The bad news from a new study is that two thirds of store-bought chicken was found to be contaminated with potentially harmful bacteria. The good news is that, believe it or not, the numbers are better than two years ago, when eight out of 10 chickens were found to contain pathogens like salmonella and campylobacter.
The study, to be published in the upcoming issue of Consumer Reports, tested 382 broiler chickens bought from 100 stores around the country. Some brand-name chickens -- Tyson and Foster Farms -- fared poorly, with salmonella and campylobacter found in more than 80 percent of the samples. Perdue chickens did a little better -- 56 percent of chickens tested were found to be free of both pathogens. According to the study, organic "air-chilled" broilers seemed to be a consumer's best bet because 60 percent of those chickens checked in bacteria-free.
Estimates from the Centers for Disease Control and Prevention say more than a million people have salmonella poisoning every year from a variety of causes. About 25,000 people get so sick they seek treatment at a hospital and about 500 people die every year. Symptoms of an infection generally show up 5-7 days after contamination and can include diarrhea, stomach cramping and fever.
The news that everyday store-bought chickens can be contaminated with harmful bacteria drew a loud "ewww" from several moms shopping for chickens at a local supermarket in Ashland, Mass.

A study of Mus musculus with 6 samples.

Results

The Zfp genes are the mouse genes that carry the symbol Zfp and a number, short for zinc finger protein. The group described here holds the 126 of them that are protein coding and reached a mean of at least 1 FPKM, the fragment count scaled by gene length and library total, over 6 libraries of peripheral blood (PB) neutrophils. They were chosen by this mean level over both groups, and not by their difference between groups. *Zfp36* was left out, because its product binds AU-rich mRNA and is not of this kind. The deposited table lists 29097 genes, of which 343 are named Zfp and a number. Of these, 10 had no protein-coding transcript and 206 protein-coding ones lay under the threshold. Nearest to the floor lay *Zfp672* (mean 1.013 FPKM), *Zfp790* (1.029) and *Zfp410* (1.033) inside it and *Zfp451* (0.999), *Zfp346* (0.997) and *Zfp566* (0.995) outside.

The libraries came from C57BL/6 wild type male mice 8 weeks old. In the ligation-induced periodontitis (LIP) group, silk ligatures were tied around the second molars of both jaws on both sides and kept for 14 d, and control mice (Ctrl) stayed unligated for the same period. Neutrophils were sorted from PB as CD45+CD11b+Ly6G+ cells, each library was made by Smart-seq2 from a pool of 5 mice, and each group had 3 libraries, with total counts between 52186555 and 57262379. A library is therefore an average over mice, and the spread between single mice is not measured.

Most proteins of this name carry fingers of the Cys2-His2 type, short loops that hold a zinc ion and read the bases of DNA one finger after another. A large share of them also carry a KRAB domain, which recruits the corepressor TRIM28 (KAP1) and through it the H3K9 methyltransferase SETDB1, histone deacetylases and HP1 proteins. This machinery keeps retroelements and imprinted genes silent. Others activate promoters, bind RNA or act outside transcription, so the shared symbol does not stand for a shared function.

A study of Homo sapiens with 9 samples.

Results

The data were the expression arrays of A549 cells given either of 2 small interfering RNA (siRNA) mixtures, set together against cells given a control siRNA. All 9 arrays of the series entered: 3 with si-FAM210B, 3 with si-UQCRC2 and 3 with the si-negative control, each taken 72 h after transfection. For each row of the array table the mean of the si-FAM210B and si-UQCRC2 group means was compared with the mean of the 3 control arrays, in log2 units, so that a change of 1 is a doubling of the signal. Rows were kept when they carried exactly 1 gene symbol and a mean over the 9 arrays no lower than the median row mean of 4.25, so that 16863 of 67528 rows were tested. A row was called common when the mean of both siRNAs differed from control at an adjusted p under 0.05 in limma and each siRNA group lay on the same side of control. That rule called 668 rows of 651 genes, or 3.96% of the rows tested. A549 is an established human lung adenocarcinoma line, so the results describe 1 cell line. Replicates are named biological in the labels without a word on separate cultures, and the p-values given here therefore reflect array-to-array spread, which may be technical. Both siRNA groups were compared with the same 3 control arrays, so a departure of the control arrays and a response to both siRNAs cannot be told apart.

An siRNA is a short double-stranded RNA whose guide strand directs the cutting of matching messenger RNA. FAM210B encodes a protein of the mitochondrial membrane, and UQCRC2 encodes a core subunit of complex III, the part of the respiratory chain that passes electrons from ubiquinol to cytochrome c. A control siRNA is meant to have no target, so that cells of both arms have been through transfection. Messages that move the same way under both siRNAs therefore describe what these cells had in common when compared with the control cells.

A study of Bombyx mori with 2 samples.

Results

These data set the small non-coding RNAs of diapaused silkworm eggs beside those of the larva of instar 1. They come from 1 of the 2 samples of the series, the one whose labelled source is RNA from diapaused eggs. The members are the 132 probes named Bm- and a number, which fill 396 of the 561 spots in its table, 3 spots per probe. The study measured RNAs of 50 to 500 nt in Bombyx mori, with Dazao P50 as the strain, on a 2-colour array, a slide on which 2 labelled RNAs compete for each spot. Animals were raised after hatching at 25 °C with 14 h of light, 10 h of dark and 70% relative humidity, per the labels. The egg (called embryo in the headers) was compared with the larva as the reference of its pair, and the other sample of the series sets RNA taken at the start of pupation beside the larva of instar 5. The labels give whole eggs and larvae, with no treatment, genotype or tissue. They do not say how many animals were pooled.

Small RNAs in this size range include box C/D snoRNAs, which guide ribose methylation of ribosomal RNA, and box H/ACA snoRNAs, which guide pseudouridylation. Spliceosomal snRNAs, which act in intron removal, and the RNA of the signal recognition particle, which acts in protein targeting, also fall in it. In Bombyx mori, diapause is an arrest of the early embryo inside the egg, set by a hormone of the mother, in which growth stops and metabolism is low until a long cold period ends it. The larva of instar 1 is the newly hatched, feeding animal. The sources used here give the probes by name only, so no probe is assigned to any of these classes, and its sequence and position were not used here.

Linda Epstein said she was looking for a broiler chicken to feed her family of four because "it's easy to make and my fussy kids will actually eat chicken."
Epstein said she had "no idea" that campylobacter and salmonella could be present in such a high percentage of chickens. "It really kind of makes me sick to my stomach just thinking about it," she said.
Consumer Reports: Chicken Laced with Bacteria
As you might imagine, those words are not music to the ears of the major chicken distributors.
Tyson Foods provided a statement to ABCNews.com calling into question the testing methods of Consumer Reports. "We have confidence in the safety of our chicken but not in the testing by Consumer Reports. Since the Consumer Reports study only confirms the presence of bacteria and not the number it is not a true indication of the safety of our products…the small sample size is also a concern."
A statement also detailed the company's efforts to increase the safety of its poultry operations which include "the use of antimicrobial rinses, similar to those used in mouthwashes, as well as organic acids."
The National Chicken Council released a statement that said, "Chicken is safe. Like all fresh foods, raw chickens may have some microorganisms present, but these are destroyed by the heat of normal cooking."
But the problem with food-borne bacteria is not just in the cooking. Often an infection can occur because of unsafe washing and handling practices in the kitchen.
Martin Bucknavage, a food safety specialist, at the Penn State College of Agriculture, said cross-contamination – for instance, when salmonella bacteria shows up on a cutting board – can be the biggest danger consumers face. "We have to keep reminding people to wash and clean their utensils, cutting boards and counters. People should just assume there is the potential for bacterial pathogens and act accordingly," said Bucknavage.